The next scheduled review date for Fitch's sovereign rating on Croatia will be 28 October "but Fitch believes that developments in the country warrant such a deviation from the calendar."
"Fitch believes that euro adoption is positive for the rating, as it would provide the sovereign with reserve-currency status, reduce transaction costs and limit exchange-rate risk to corporate and household balance sheets," the agency said.
Croatia joined the Exchange Rate Mechanism (ERMII) in July 2020 and "has fulfilled all convergence and reform criteria within the shortest possible timeframe."
According to Fitch, seven EU member states have a lower rating than Croatia - Italy, Portugal, Greece, Cyprus, Hungary, Bulgaria and Romania.
Fitch said early in May already that while in the waiting room for the euro, Croatia had fulfilled all structural reform criteria as well as most convergence criteria, except price stability, given the accelerating inflation.
Explaining the latest rating upgrade, Fitch said reflected Croatia's "track record of stable and peaceful political transitions, well-established rights for participation in the political process, moderate institutional capacity, effective rule of law and a moderate level of corruption."
Fitch said the rating could be downgraded in the event of a "sustained increase in general government debt over the medium term, for example, due to a more pronounced and longer period of fiscal loosening" as well as due to a "deterioration in international competitiveness or structural shocks to key sectors resulting in lower trend growth."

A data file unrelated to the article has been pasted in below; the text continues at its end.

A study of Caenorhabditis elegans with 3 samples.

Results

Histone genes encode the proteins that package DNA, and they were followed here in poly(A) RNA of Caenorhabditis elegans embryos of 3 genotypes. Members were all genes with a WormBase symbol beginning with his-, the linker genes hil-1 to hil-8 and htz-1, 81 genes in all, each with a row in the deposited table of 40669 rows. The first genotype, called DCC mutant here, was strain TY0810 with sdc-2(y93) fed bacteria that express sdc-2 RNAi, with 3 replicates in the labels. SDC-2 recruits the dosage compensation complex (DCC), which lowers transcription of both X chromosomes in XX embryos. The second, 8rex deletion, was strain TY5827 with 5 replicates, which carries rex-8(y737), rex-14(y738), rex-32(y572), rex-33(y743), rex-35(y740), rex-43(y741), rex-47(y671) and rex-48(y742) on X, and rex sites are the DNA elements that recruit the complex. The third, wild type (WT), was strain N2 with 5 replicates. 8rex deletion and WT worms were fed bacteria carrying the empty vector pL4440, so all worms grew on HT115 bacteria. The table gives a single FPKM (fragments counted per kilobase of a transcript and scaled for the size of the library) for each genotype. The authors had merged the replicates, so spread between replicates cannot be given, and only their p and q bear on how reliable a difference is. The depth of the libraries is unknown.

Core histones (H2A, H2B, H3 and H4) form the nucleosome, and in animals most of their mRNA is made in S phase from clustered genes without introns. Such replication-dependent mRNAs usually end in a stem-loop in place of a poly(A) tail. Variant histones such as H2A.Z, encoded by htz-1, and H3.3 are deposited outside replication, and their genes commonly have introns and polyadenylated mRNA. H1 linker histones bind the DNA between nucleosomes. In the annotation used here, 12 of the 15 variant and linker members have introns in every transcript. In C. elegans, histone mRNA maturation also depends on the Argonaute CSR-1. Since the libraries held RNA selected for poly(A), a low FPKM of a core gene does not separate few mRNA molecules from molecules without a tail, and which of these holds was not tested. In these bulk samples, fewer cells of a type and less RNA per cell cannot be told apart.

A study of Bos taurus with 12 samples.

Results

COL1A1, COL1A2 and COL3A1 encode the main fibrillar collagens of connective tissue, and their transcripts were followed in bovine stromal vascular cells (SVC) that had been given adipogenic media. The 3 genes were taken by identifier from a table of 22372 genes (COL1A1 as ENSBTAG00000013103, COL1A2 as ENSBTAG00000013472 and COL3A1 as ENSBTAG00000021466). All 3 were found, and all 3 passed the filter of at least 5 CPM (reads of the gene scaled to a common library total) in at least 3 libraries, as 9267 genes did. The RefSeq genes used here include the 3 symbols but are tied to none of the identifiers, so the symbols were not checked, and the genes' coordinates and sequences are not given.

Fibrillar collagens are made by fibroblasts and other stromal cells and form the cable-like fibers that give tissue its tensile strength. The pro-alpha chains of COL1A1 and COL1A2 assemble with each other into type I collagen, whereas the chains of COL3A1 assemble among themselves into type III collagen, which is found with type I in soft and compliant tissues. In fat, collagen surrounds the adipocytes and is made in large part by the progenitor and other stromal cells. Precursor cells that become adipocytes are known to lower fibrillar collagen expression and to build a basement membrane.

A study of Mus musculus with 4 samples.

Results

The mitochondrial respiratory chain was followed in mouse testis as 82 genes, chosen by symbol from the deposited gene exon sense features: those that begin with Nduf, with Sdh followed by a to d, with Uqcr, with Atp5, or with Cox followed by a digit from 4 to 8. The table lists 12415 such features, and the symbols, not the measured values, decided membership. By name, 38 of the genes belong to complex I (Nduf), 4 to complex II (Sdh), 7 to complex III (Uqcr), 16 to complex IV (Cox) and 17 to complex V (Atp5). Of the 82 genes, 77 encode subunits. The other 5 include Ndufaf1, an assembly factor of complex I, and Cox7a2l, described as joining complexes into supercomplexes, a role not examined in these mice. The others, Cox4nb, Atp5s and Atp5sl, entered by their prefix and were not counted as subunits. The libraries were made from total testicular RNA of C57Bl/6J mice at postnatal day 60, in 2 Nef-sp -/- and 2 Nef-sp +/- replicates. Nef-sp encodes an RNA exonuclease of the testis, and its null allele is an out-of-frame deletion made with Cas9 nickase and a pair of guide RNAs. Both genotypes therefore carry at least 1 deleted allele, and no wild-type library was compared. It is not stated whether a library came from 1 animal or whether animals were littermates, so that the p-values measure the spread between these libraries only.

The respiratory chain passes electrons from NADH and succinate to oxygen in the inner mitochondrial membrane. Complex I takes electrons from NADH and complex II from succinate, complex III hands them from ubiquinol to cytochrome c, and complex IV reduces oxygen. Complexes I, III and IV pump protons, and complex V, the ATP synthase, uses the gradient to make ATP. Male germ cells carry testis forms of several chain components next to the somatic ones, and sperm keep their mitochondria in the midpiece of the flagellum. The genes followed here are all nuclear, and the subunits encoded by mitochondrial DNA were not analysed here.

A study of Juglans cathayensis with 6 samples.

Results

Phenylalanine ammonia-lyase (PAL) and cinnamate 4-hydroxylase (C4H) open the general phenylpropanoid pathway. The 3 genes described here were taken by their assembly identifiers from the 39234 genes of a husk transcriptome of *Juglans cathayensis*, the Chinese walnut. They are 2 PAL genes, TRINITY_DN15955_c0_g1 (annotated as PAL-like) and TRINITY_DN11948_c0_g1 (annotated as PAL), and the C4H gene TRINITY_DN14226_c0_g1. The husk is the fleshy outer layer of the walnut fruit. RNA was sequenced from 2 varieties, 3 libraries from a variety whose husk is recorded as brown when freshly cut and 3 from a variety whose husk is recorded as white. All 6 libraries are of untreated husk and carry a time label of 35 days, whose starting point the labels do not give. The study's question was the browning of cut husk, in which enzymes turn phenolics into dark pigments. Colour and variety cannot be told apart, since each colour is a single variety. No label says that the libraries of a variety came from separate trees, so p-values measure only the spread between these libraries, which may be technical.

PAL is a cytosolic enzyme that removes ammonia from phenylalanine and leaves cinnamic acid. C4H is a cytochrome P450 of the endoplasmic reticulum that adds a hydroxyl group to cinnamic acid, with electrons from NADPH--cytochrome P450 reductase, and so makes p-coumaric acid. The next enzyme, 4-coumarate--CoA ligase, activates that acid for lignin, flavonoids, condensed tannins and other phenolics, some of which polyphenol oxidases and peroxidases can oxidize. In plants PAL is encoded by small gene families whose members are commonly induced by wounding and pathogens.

The rating could be upgraded in case of a "sustained decline in general government debt/GDP to levels closer to the peer medians, for example, via continued fiscal consolidation" and of "improvement in medium-term growth prospects, for example, via implementation of structural reforms or EU-led investment, that that supports convergence on GDP per capita with higher-rated peers."
Fitch upgraded Croatia's rating in an extraordinary report, citing "a material change in the creditworthiness of the issuer that we believe makes it inappropriate for us to wait until the next scheduled review date."
PM: New upgrade direct consequence of euro area membership
Prime Minister Andrej Plenković said on Twitter the credit rating upgrade "is a direct consequence of membership of the euro area, which brings Croatia greater security in the crisis."